The Capybaras by Alfredo Soderguit

Cover image.

The Capybaras by Alfredo Soderguit (9781771647823)

The farm was a safe place where life was comfortable and everyone knew their role. There were chickens who had plenty of food and a rather vicious dog who guarded them. Then one day, the capybaras emerged from the swampy part of the pen. There was no room for them there and they were not expected. The hens found them too big, too hairy and too wet. But the capybaras couldn’t go home because the hunting season had started. So the hens set some rules where they would not share food, or their dry pen, or tolerate any noise. Then one day after a chick had a misadventure, everything changed. The capybaras had saved the chick and now they were allowed to sleep in the chicken coop, share food and live together. Then hunting season ended and the capybaras prepared to leave. What were the new friends to do?

This picture book was originally published in Spanish in Latin America. Soderguit has a marvelous gift for wry understatement or in fact just stating the opposite of what is actually happening in the illustrations. This contributes to a sense that horrible things are happening off the page and the characters live in real denial, even before the capybaras arrive. The entire book works beautifully as a statement about refugees, tolerance and building a community.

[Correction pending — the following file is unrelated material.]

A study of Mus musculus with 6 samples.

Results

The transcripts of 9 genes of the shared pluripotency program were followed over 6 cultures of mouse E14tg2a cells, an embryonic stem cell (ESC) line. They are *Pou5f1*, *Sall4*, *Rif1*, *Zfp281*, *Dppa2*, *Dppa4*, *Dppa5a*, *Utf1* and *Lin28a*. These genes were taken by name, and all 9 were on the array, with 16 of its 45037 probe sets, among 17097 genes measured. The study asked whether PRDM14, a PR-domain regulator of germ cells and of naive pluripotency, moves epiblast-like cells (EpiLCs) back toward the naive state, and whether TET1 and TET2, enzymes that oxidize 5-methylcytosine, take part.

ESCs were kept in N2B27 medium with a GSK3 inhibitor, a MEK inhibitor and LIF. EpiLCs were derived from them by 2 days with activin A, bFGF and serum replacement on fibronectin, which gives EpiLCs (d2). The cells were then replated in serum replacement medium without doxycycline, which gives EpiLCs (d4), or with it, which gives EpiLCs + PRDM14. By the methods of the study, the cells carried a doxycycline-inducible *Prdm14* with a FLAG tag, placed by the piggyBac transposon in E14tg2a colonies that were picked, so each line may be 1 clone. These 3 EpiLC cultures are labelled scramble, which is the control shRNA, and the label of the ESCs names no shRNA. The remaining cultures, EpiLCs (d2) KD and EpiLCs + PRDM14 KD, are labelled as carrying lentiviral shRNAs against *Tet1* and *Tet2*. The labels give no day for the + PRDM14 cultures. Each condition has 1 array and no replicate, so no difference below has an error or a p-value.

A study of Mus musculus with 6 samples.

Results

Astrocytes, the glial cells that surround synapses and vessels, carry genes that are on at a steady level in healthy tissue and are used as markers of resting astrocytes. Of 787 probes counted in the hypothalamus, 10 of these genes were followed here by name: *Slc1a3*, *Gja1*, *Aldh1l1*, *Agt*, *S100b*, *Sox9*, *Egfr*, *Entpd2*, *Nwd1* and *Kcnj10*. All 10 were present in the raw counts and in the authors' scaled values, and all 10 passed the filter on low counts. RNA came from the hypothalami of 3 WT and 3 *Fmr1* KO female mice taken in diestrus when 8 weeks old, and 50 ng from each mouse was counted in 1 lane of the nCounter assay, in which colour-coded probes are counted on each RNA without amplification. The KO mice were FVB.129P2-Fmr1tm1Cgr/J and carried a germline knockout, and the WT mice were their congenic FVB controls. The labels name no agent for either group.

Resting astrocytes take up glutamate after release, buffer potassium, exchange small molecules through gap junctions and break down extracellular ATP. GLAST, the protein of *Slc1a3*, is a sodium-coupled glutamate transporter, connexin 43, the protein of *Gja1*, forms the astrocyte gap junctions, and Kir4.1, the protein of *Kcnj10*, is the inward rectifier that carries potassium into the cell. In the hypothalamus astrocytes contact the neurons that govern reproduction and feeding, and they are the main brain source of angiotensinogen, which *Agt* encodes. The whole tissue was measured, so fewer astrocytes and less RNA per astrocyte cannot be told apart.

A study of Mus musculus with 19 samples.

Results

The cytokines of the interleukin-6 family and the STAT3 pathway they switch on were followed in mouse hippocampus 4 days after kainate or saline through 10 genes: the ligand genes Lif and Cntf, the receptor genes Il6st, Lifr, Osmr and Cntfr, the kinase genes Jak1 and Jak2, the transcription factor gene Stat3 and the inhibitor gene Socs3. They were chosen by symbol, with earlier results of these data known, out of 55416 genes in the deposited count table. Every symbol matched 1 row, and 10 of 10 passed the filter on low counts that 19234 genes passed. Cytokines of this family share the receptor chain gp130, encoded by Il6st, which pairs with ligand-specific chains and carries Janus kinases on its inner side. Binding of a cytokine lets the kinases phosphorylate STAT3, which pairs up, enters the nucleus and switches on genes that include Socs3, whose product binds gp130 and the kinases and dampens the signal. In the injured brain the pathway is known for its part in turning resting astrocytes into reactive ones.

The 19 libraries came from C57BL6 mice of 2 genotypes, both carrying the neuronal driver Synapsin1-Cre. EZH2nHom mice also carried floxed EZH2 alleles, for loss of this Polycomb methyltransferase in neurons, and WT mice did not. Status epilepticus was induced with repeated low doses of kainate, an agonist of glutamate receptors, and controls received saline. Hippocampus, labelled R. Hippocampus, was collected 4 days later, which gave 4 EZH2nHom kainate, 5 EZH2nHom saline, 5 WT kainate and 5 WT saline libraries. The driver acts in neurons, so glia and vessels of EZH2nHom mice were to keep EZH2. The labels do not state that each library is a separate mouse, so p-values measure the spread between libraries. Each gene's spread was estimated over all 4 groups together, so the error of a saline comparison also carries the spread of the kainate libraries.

The illustrations are a marvel of quiet moments with a lot of the power of the book being the things in the illustrations that go unremarked upon in the text. The illustrations are done in pen and ink with pops of orange color and the deep browns of the capybaras. The wide-eyed capybaras contrast impressively with the white chickens and their delicate life balance.

Profound and remarkable. Appropriate for ages 5-8.

Reviewed from e-galley provided by Greystone Kids.